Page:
It’s never a good sign when the first thing people think of when hearing your band name is how bad your last album was. For Cold War Kids, 2011’s widely panned Mine Is Yours has been something of a blight on their existence, and unfortunate blemish to try and live down. Happily for them, the band’s fourth release Dear Miss Lonelyhearts marks a significant recovery and refocusing for them, a clear move back to the musicality and creativity that first established their following.
The album’s opening track and lead single “Miracle Mile” gives us our first clue that things are on the right track, with the return of the rock piano riff driving the song’s momentum and energy throughout. The energy continues into “Lost That Easy” and “Loner Phase”, both of which rely a little more on electro influence than long-time fans might be used to, but make up for it with passionate vocals and chant-worthy choruses. Slower jams like “Tuxedo” and “Dear Miss Lonelyhearts” give frontman Nathan Willett space to emote and riff in his signature soulful style, and “Jailbirds” blends powerpop and punk influences into the most indie-rock sounding track on the album. For me, however, the hidden gem on the record is “Water & Power”; probably a deep cut by most accounts, its haunting piano and vocals captivated me, and made it the most memorable tune on the album.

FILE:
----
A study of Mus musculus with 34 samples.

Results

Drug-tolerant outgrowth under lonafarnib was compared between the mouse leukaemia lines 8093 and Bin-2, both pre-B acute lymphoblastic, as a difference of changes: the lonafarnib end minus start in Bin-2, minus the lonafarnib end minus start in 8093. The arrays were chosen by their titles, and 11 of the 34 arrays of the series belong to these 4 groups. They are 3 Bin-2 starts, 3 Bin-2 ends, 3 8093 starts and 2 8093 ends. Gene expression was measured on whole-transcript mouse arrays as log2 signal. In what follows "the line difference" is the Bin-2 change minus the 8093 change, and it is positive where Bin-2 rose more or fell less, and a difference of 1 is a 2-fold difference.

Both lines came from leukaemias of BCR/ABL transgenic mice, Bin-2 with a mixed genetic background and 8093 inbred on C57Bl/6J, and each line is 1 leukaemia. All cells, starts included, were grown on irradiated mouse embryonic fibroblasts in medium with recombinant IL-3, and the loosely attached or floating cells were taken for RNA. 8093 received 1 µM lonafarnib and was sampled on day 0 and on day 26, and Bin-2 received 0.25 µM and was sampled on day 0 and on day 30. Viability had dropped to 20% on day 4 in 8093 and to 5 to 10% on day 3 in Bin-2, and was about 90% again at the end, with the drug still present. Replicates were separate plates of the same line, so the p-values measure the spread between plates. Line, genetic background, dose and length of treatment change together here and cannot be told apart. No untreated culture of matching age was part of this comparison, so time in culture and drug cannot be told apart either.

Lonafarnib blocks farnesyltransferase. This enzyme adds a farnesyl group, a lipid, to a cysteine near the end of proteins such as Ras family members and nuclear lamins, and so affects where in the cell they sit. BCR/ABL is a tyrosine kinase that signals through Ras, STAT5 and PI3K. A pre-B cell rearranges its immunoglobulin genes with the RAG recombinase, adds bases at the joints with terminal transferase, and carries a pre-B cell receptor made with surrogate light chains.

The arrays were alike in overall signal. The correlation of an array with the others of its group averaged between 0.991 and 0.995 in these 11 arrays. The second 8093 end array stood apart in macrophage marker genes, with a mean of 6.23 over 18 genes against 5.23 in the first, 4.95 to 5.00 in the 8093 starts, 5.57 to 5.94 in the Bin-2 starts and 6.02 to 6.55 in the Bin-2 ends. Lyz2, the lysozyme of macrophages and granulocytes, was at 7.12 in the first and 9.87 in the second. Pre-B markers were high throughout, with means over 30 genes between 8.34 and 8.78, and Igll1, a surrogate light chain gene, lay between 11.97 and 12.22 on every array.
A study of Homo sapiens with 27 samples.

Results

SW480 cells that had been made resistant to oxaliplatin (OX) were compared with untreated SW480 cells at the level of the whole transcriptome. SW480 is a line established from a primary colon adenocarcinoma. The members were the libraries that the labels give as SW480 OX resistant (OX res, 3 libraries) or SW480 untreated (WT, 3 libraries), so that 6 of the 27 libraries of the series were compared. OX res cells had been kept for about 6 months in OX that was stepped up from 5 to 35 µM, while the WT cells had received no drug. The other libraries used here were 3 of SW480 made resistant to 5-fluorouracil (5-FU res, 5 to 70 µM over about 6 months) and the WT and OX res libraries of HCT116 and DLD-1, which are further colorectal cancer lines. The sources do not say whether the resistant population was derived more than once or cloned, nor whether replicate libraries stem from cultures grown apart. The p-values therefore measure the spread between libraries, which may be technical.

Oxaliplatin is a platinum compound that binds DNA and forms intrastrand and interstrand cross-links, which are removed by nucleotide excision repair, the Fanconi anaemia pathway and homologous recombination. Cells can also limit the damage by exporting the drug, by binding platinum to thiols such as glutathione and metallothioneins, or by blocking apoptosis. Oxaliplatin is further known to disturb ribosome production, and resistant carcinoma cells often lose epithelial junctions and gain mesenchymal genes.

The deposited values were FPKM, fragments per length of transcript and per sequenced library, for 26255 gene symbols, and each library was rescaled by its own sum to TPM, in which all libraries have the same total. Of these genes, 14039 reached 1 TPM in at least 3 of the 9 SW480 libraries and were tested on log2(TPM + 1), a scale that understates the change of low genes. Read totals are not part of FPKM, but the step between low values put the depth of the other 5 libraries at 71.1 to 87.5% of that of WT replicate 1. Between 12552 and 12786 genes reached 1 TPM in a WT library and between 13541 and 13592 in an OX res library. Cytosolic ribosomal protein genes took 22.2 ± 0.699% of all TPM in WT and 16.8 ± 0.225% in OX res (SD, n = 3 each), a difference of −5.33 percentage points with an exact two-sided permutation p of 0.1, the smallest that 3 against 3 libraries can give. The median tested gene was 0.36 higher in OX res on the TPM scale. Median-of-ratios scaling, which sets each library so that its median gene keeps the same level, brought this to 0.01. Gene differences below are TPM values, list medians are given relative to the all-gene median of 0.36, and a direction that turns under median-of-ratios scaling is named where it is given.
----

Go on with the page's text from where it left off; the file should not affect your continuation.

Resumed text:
That’s the good news. The bad news is that Dear Miss Lonelyhearts could not be described as breaking any new ground for Cold War Kids. Rather, it serves more of a reset button, taking the band out of negative territory and back toward zero, rather than giving them forward movement. In fact, fans who preferred the band’s earlier, more soulful vibe will be disappointed at the lack of it on this album, and are likely to argue that the record doesn’t do enough to get the band back to where they were. The band’s combination of soul/R&B and punk influences has always been something of an acquired taste, and they really needed to be spending the past few years honing and focusing their sound, rather than making up for lost time. As it is, by essentially hitting the reset button, they are still suffering from a lack of focus. It could easily be argued that Cold War Kids sound at any given moment too much like any of a number of other bands, and not enough like themselves. Indeed, while Nathan Willett definitely conveys a lot of passion in his voice, he still seems to be a bit of a chameleon, at different times channeling Brandon Flowers, Ryan Tedder and George Michael with his stylings, sometimes within the same song.
Overall, Cold War Kids is a great band with a lot of potential, and their unique blend of influences is a good idea—it just needs to evolve. Dear Miss Lonelyhearts certainly takes several steps in the right direction, but it doesn’t mark any real growth for the band; instead, it basically makes up for lost time.